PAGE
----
On Saturday a truck bomb that ignited a string of fuel tankers on an adjacent rail line collapsed portions of the twelve-mile, $4 billion bridge connecting the Kerch Peninsula with Russia. Putin ordered the construction of the bridge, which spans the straits between the Sea of Azov and the Black Sea, after Russia’s illegal annexation of Crimea in 2014. Although rail traffic is underway again, trucks for now need to ferry across the straits. A longer-term interdiction of this bridge would leave the rail line running along the northern coast of the Sea of Azov through Melitopol as the only ground link between Russia and Crimea. Absent the road and rail lines linking Russia with Crimea, Russian logistics in the peninsula would become dependent on ferries and transport aircraft, modes of transport which carry significant limitations. Ukraine has not claimed responsibility for the attack, but the targeting of this strategic transportation node fits a pattern of Ukrainian attacks on Russian lines of communication. The liberation of the key communications hub of Izium led to Russian retreat from Kharkiv, while the seizure of Lyman and targeting of the rail hub running through Ilovaisk has placed in jeopardy the logistics of Russian forces defending Donetsk and Luhansk. Attacks on Russian logistical nodes are placing stress on Russian forces in the Donbas in eastern Ukraine and in Kherson, a city strategically located along the Dnipro River north of Crimea.

Targeting enemy transportation nodes and lines of communication to isolate forces at the front has antecedents stretching back to World War II. The most famous example was the Transportation Plan that isolated Normandy from the rest of France in anticipation of the amphibious landings on D-Day, June 6, 1944. Solly Zuckerman, by training an anatomist but by 1944 a member of the Operation Overlord planning group and a pioneer in operations research, recommended that Allied bombers interdict rail lines leading to Normandy by targeting marshaling yards and repair facilities. General Dwight Eisenhower agreed with Zuckerman’s analysis and demanded control over Allied air assets, at one point nearly tendering his resignation when Allied bomber commanders resisted his attempt to control their forces. The Combined Chiefs of Staff settled the argument by giving Eisenhower control over the bomber fleets in the two months leading up to D-Day.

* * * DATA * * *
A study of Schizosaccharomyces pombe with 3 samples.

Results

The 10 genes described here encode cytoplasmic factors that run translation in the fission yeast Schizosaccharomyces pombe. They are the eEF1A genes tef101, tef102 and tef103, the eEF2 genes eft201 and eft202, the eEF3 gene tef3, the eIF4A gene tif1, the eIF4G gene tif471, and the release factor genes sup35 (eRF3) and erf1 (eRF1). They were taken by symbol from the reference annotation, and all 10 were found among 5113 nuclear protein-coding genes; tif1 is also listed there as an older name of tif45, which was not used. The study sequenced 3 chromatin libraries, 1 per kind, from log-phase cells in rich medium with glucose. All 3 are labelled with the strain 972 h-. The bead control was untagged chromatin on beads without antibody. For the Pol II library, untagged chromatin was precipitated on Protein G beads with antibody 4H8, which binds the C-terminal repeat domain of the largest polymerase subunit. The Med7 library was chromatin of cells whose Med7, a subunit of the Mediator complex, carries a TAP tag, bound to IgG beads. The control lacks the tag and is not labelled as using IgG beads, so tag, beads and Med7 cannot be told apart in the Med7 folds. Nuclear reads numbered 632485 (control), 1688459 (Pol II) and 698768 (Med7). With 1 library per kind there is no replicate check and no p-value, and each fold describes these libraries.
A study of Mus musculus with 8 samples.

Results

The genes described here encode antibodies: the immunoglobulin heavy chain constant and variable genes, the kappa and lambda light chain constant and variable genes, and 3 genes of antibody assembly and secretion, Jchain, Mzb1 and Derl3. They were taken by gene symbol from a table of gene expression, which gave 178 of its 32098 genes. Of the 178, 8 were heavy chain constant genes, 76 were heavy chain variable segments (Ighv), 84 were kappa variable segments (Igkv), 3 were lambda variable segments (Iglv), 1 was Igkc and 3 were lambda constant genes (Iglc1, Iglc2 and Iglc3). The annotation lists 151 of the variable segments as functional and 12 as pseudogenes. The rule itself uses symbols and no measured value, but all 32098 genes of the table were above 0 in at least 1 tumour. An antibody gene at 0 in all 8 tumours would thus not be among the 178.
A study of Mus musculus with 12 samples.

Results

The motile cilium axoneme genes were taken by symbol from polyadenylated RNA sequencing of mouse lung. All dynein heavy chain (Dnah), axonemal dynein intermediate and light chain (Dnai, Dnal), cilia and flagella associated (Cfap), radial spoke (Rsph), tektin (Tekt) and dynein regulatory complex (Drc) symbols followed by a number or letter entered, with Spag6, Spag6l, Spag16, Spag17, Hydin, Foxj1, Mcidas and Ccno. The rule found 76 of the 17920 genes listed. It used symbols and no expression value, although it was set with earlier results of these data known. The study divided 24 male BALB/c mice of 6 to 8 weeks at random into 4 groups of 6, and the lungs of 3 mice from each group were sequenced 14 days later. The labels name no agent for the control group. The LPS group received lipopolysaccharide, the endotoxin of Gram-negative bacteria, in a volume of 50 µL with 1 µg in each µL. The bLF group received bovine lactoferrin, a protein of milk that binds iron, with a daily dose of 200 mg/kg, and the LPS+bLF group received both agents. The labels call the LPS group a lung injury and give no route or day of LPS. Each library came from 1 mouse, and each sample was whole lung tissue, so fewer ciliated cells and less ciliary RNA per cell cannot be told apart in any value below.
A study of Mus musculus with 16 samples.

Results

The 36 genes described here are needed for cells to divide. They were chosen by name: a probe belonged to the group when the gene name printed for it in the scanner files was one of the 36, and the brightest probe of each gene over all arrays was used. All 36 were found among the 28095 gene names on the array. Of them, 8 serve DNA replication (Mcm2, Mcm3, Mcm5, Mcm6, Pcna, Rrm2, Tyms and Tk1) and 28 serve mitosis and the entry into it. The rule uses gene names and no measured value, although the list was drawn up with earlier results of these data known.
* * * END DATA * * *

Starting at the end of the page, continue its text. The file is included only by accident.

Beginning on April 1, 1944, Allied aircraft pummeled French rail infrastructure, leading to a massive decline in railway traffic. By early May French rail capacity had dropped by half; by mid-May the system operated at only one third of its capacity. By D-Day the French rail network was operating at just 10 percent capacity, effectively isolating Normandy from German reinforcements and supplies moving by rail. Destruction of the French rail network severely stressed the German army in Normandy, which was forced to fight without sufficient quantities of ammunition, fuel, and other supplies.

The Ukrainians seem to have followed a similar conception ever since receiving U.S. HIMARS rocket systems, which have enabled them to target Russian supply dumps and communications nodes far behind the front lines. As Russian forces are starved of the essential elements of combined arms warfare, they become vulnerable to Ukrainian counteroffensives, as the world is now witnessing in the Donbas region and around Kherson.